Anxiety levels rising as more British Columbians pay only minimum credit card balances
A woman looks through her credit cards to determine which one to use

British Columbians are more anxious about their debt situations while an increasing number are slipping deeper into debt by paying only the minimum balance on their credit cards, according to a new MNP Consumer Debt Index report released this morning.

The news follows recent data from Canada's Office of the Superintendent of Bankruptcy that the number of insolvencies in B.C. was at a more-than-three-year high in November: 974.

Only 52 per cent of British Columbians are confident that they will be able to cover their expenses in the next year without going further into debt, according to polling done by Ipsos. That is down from 59 per cent in September.

Inflation hit a 39-year peak of 8.1 per cent in June, and has since cooled to a still-high 6.8 per cent in November. Bank of Canada's policy interest rate has increased to 4.25 per cent, from 0.25 per cent in early 2022. COVID-19-related financial support, which was badly needed relief for some, is long gone.

These factors combined to make 44 per cent of British Columbians say that they were close to insolvency, which MNP defines as being $200 or less from not being able to meet financial obligations.

That is up from 42 per cent of British Columbians who felt that way in September 2022.

The survey found 46 per cent of British Columbians said that they regret the amount of debt that they've taken on in life, up from 41 per cent in September.

A similar finding was in the proportion of British Columbians who said in December that they were concerned about their level of debt. That metric rose by three percentage points, to 43 per cent, compared with September.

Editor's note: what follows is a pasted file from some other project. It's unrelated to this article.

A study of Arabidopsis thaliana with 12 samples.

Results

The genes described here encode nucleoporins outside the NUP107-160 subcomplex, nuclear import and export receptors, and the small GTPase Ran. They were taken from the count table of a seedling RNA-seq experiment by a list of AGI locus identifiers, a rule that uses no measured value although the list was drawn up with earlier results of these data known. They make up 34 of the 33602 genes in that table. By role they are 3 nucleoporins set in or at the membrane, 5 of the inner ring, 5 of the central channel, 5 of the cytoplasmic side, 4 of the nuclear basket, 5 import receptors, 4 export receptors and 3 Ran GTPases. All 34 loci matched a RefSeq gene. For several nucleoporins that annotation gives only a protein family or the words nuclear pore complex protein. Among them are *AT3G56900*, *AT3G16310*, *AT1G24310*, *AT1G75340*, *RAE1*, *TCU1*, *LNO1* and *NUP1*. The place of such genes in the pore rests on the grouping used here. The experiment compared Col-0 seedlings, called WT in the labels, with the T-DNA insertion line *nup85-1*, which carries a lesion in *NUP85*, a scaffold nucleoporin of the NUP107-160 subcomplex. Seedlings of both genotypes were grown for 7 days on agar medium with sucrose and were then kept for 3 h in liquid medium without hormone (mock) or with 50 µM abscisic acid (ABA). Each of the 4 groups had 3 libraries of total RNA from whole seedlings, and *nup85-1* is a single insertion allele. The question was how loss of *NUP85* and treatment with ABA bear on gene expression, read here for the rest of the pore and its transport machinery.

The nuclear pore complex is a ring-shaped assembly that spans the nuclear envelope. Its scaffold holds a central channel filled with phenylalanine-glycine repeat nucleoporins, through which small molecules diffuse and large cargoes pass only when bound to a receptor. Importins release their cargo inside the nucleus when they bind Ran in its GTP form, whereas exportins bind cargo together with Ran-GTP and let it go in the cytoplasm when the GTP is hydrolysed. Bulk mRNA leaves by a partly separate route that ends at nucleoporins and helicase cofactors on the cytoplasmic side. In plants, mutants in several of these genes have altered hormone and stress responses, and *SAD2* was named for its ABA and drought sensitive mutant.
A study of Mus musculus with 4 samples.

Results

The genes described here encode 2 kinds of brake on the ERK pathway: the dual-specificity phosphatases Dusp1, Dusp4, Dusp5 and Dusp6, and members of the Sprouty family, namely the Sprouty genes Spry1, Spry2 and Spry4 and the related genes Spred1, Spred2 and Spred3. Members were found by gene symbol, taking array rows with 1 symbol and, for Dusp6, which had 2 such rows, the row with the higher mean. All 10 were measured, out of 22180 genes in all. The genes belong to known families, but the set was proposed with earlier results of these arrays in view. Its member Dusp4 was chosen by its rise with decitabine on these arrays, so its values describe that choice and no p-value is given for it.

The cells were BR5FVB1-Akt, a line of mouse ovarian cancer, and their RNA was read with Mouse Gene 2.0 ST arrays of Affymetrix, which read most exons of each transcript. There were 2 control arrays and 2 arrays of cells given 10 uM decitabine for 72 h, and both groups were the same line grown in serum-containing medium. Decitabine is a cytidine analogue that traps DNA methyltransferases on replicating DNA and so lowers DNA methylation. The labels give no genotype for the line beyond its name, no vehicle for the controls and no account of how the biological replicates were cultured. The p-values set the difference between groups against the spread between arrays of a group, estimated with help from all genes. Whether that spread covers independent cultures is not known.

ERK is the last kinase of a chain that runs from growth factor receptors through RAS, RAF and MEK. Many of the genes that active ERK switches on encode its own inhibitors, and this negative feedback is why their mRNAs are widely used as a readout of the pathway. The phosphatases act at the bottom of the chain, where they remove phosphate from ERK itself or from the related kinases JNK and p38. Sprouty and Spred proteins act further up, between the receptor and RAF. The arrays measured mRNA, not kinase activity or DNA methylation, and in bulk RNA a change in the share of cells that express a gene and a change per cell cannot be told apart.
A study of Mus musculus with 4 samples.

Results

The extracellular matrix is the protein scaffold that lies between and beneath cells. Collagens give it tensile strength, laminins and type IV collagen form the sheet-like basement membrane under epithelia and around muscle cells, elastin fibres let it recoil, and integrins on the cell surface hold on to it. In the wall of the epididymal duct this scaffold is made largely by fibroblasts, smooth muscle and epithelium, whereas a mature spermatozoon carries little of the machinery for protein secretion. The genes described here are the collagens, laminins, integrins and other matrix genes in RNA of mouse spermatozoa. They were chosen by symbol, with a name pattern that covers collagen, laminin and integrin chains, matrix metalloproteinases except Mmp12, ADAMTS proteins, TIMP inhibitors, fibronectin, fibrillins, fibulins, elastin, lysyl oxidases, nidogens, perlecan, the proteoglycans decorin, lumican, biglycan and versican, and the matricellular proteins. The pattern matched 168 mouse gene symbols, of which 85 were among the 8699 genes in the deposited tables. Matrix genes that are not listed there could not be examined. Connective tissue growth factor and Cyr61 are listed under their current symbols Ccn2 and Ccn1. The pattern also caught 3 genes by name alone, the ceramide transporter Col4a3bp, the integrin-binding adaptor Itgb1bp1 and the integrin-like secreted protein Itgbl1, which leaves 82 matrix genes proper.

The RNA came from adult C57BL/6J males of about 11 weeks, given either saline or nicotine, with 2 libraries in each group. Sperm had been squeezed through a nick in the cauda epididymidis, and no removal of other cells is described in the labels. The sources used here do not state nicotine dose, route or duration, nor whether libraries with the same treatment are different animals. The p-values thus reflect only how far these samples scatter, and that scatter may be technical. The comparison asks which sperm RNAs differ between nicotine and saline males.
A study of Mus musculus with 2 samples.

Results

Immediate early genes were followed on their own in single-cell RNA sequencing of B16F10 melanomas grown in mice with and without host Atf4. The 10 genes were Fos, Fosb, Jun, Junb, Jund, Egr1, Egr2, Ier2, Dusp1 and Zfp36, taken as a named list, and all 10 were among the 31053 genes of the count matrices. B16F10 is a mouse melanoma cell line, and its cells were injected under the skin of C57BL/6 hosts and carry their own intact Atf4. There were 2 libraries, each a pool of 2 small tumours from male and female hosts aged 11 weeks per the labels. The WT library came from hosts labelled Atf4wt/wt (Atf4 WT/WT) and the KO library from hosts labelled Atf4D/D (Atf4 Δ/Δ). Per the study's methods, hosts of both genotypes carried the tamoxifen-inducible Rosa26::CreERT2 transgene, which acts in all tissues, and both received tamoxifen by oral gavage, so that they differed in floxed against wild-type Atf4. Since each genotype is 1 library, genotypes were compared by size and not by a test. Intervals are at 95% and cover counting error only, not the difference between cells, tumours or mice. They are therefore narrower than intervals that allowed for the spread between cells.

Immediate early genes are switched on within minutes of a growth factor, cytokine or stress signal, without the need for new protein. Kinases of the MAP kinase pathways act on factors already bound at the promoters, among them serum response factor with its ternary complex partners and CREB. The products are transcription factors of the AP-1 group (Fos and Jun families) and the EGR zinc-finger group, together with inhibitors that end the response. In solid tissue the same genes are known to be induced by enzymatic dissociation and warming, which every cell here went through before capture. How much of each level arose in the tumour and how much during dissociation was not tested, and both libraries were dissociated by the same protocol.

“The shift we are seeing in British Columbians’ attitudes towards their personal debt is a reflection of the successive interest rate hikes and persistent inflation we saw in 2022,” said Linda Paul, a MNP Ltd. licensed insolvency trustee.

She said that the "double whammy" is that many of those who are financially vulnerable are seeing borrowing costs rise as inflation eats away at their purchasing power.

One in five told Ipsos in December that they plan to use savings to pay bills, up slightly from three months earlier. Another 14 per cent said that they would borrow from friends or family – up from seven per cent in November. 

These trends also have the effect of potentially hurting the economy because 36 per cent of those surveyed said that they planned to reduce their consumer spending to make ends meet. That is up from 32 per cent of people who said the same thing in November. 

The survey was conducted Dec. 1 through Dec. 6, and involved 2,000 Canadians aged 18 years and older. The poll is thought to be accurate within 2.5 percentage points 19 times out of 20.